Jeremy Lane Chisenhall
Lane Chisenhall | Junior, Political Science major
Jeremy Lane Chisenhall was the first APSU student ever to be appointed to the Tennessee Higher Education Commission as a student representative. The Commission coordinates and provides guidance to all state higher education institutions.
Carrie Taylor | Senior, Communication major
Carrie Taylor received Alpha Delta Pi’s Collegiate Ruth Pretty Palmer Panhellenic National Award, which is presented to undergraduate and alumnae members of Alpha Delta Pi based on outstanding service and commitment to the Panhellenic experience. This is one of the top honors an undergraduate can receive from Alpha Delta Pi.
Courtney Cousin | Senior, Business major
Courtney Cousin was selected as a recipient of the Tennessee Higher Education Commission Harold Love Outstanding Community Service Award. This award was named for a late member of the Tennessee General Assembly, and recognizes public service work of students, faculty and staff.
Ari Ruiz | Junior, Communication major
Ari Ruiz was selected as one of five students to serve as Vice President of Communications for the Southeastern Interfraternity Conference (SEIFC). SEIFC is a voluntary membership leadership development experience for fraternity men. Ruiz will assist with the planning and implementation of the 2018 SEIFC Leadership Academy.
Shaeleigh Jacobs | Junior, Psychology major
Shaeleigh Jacobs was selected as one of six students in the country to serve as a Conference Coordinator for the Coalition for Collegiate Women’s Leadership. Jacobs will assist with the planning and implementation of the 2018 CCWL Annual Conference for Greek Women Leaders from across the southeast.

Celebrating 25 Years

Celebrating 25 years
Celebrating 25 Years

On Aug. 25, the Wilbur N. Daniel African American Cultural Center kicked-off a celebration of its 25th anniversary with trivia, refreshments and mementos for those in attendance. The Center, established in 1991, was formally named in 1992 in honor of the first African-American graduate from APSU. An intense desire of African-American students in the late 1980s and early 1990s to have a special place on campus to focus on their culture and contributions led to the establishment of the Center. The author Alex Haley, a Tennessee native who wrote “Roots,” was featured as part of the opening ceremonies in 1991.

APSU Day of Giving

Govs Give
APSU Day of Giving


Student Affairs participated in the #GOVSGIVE campaign with an initial goal of $10,000. Student Affairs gained 123 donors during the fundraising initiative. The funds raised were designated for the African American Cultural Center Discretionary Fund, African American Graduate Recognition, APSU Food Pantry Discretionary, Fraternity & Sorority Leadership, Hispanic Cultural Center Discretionary, Military Student Center Texts for Vets Program, Career Services Discretionary and SA Fund of Excellence.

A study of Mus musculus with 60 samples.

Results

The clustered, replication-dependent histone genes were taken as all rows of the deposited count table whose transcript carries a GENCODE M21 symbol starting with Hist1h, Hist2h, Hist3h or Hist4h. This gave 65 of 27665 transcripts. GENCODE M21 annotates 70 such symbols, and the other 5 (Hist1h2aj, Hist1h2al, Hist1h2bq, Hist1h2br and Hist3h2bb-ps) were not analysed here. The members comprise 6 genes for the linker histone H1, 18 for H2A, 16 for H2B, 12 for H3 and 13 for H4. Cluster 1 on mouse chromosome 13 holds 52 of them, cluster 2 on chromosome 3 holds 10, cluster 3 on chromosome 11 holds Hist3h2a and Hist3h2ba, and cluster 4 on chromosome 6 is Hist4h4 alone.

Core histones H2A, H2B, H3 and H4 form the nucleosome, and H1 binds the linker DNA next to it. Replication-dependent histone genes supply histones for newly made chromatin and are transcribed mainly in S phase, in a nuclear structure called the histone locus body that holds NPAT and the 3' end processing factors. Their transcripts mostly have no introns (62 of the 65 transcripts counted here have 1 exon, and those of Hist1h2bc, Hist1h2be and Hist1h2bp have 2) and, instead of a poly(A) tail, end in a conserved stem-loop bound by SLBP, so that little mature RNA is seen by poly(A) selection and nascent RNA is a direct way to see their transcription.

Staff Spotlights

Claudia Rodriguez
Claudia Rodriguez | Director of the Little Govs Child Learning Center
Claudia Rodriguez served on the Two Rivers Association of the Education of Young Children as a Board Member, a Tennessee Early Childhood Training Alliance Advisory Committee Member, on the Clarksville/Montgomery County Pre-K Advisory Committee, on Nashville State Community College Early Childhood Advisory Committee, and was part of the Clarksville Area Family Childcare Provider Association. Rodriguez provided trainings and workshops for her staff, as well as at statewide conferences, including “Shaken Baby Syndrome” and “Before You Begin: New Caregivers” at Tennessee Childhood Online Training System. Staff training included such topics as “Creating a Classroom that Works,” and “Be Safe: Emergency/Disaster Procedures in the Classroom.” Rodriguez has over 25 years of experience with young children and families, and has a M.S. degree in Family and Consumer Sciences with an emphasis in Early Childhood Education.
Amanda Walker | Director of Career Services
Amanda Walker earned her Ed.D. degree at Delta State University in August. During 2016-17 she served as chair of the Nashville Area Career Fair Consortium and was a group mentor for Leadership Clarksville 2016. Walker, along with three faculty members, obtained a $15,000 Tennessee Board of Regents Student Engagement, Retention, and Success grant, which is a one-year pilot program intended to increase the retention and career readiness skills of underrepresented minorities, including nontraditional students, economically disadvantaged students and students with disabilities, all in the sophomore year. Walker presented “The Key to Retention, Job Placement, and Student Success” at the Southern Association for College Student Affairs annual conference in Jacksonville, Florida, and facilitated an online presentation, “Experiential Education Recruitment Value: A Correlational Study of Large and Small Companies” for the National Career Services Conference.